Blockbrief Development Update March 2015

18/03/2015 10:38 am
by Michael Radovnikovic on March 18, 2015

With unprecedented auction clearance rates in Sydney in 2015 with a consistent 80% plus has seen the Sydney market surge with investors into the property market. From a development perspective, Sydney residential land is in the middle of a renaissance.

tall-craneWe are seeing population growth, new housing product hitting the market and a state government ready to lose their jobs over aggressive growth strategies. It’s not the post-war era, it’s the post-GFC era.

Development in Sydney’s growth centres has surged in both the north and south west. New retail land prices in the South West are now catching up to their northern cousins at over $1,000 per square metre and rising. Predominant developments in the Liverpool and Campbelltown LGA’s are benefitting from this. Agents are telling us wholesale land has tipped $1M per acre and climbing along. Sydney’s northwest growth centre is propelling at a rate of lots. Thousands of lots are under construction with newly crowned developers taking advantage of their legacy landholdings and chopping up land. Developers are telling us wholesale land has tipped the $1.1M-$1.2M per acre in some areas but no real settlements to back this up yet. Some new house and land packages are selling for over $1M for a 450m2 block and a 4 bedroom house.

Sydney’s apartment scene is also increasing by the day. Development approvals are at a peak and Sydney City Council, Botany Council, North Sydney Council and Ryde Council are seeing many more inner city and city fridge developments taking advantage of the existing infrastructure equating to lower infrastructure costs for lead in works. Agents are telling us that DA approved sites in the inner city and city fringe are wholesaling at well over $200,000 per unit but this may be the new norm where insiders have reports of several off the plan 1 bedroom apartments in Chatswood retailing at over $800,000.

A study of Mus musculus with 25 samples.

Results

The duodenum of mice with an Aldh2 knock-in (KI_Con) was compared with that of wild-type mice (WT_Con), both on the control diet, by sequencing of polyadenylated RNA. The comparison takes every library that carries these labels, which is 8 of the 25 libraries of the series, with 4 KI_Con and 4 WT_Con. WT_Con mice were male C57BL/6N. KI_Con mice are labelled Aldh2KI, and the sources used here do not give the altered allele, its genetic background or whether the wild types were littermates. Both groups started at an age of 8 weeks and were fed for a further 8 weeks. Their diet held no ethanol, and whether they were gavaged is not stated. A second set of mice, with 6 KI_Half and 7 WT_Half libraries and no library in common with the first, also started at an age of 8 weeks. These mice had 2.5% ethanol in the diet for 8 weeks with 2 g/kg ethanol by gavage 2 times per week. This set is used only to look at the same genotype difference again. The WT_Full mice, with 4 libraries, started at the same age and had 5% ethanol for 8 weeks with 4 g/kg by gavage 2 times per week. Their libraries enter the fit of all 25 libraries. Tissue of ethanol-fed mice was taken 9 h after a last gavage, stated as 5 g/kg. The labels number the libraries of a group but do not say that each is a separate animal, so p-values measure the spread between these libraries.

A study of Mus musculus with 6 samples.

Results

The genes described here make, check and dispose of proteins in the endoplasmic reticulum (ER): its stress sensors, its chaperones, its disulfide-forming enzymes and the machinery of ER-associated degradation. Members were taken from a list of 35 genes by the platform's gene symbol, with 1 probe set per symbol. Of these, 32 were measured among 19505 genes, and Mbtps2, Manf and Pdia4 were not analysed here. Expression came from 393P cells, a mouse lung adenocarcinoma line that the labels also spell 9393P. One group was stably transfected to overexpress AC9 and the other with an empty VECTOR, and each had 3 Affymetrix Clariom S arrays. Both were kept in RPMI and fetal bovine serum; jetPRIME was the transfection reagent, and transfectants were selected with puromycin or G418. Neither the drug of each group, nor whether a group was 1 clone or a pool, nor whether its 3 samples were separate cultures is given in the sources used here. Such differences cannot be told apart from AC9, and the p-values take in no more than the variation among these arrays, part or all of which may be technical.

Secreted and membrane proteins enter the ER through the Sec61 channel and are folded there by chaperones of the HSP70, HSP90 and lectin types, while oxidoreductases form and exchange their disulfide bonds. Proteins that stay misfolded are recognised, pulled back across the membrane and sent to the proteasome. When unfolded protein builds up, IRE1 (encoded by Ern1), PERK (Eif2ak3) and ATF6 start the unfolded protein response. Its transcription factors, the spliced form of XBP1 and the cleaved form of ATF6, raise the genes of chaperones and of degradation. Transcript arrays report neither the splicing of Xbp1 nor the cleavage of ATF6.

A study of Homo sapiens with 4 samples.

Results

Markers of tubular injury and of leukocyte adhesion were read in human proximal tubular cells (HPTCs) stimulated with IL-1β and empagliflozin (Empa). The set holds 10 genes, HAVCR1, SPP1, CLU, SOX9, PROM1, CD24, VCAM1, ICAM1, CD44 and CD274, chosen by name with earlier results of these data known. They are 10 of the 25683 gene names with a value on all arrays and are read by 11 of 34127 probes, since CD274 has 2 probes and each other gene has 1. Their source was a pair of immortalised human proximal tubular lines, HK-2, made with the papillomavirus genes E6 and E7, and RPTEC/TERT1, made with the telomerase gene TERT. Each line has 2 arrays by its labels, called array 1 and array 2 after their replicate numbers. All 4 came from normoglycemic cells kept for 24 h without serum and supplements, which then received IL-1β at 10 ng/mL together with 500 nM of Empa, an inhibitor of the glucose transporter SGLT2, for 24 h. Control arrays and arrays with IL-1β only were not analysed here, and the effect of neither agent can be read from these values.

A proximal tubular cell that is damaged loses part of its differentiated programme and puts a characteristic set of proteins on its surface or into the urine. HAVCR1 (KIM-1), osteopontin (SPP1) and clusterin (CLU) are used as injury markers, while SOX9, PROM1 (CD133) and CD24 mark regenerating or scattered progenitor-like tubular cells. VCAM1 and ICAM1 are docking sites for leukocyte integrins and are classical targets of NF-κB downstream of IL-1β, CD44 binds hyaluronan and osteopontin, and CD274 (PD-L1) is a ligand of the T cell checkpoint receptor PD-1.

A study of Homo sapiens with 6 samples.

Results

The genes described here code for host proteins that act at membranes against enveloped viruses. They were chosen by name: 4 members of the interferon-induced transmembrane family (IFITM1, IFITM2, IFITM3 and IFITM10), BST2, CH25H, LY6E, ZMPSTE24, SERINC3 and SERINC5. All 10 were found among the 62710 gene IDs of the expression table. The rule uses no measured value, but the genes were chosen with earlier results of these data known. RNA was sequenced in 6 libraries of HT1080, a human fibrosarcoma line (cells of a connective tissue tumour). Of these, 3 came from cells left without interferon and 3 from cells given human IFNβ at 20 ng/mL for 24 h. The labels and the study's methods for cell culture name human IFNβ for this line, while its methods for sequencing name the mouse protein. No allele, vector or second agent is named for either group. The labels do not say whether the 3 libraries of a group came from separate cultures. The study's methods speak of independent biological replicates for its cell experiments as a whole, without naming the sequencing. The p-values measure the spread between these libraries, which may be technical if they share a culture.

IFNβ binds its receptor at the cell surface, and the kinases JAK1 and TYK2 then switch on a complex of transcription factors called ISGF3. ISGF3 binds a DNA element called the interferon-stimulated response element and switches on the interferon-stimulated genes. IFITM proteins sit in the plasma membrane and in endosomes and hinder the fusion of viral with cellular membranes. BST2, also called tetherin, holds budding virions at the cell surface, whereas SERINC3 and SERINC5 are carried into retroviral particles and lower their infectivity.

Commercial property in both Sydney and Melbourne is suffering. The Sydney CBD has peak vacancy rates and yields have been softening since the GFC. The rise of the pop-up store will not be able to sustain the landlords through the retail slump but in the new Barangaroo, Chifley and Castlereagh Street precincts, these new developments have courted many of the A-Grade leases most sought after for much tighter longer-term yields closer to the 6-7% bracket. Hence we are seeing more residential towers appearing in the Sydney CBD as a result of underperforming office stock.

The Melbourne growth corridors could have been referred to as land banked farms over the last four years. Only now are we seeing some momentum in the very large masterplanned community areas in the Northern Growth corridor and the like. It’s a slow pick up and will remain low growth for some time due to the saturation of similar product and quantum of ready to develop land. The Melbourne CBD is still running hot with thousands of apartments with planning approval and many still being assessed for approval. The sheer number of apartment sales since 2008 has been enormous and driven their economy out of the red. While sale rates and slowed down in the Melbourne CBD, it has forced developers to look at their customers more and gain a better understanding of how they want to live their lives in the city long term. Ultimately, the type of product, amenity and lifestyle influences have greatly influenced the attractiveness of apartment living from owner occupiers as $/m2 values softened between 2011-2013 along with rental yield. Sydney has looked to Melbourne for some lessons and the product being offered in the city and city fringe very much includes the social infrastructure and lifestyle amenity that customers are now expecting.


About Michael Radovnikovic

Michael is a co-founder of Blockbrief and heads up market research, analysing the impact of zoning on the market, development market conditions, demographics and economic trends across the county.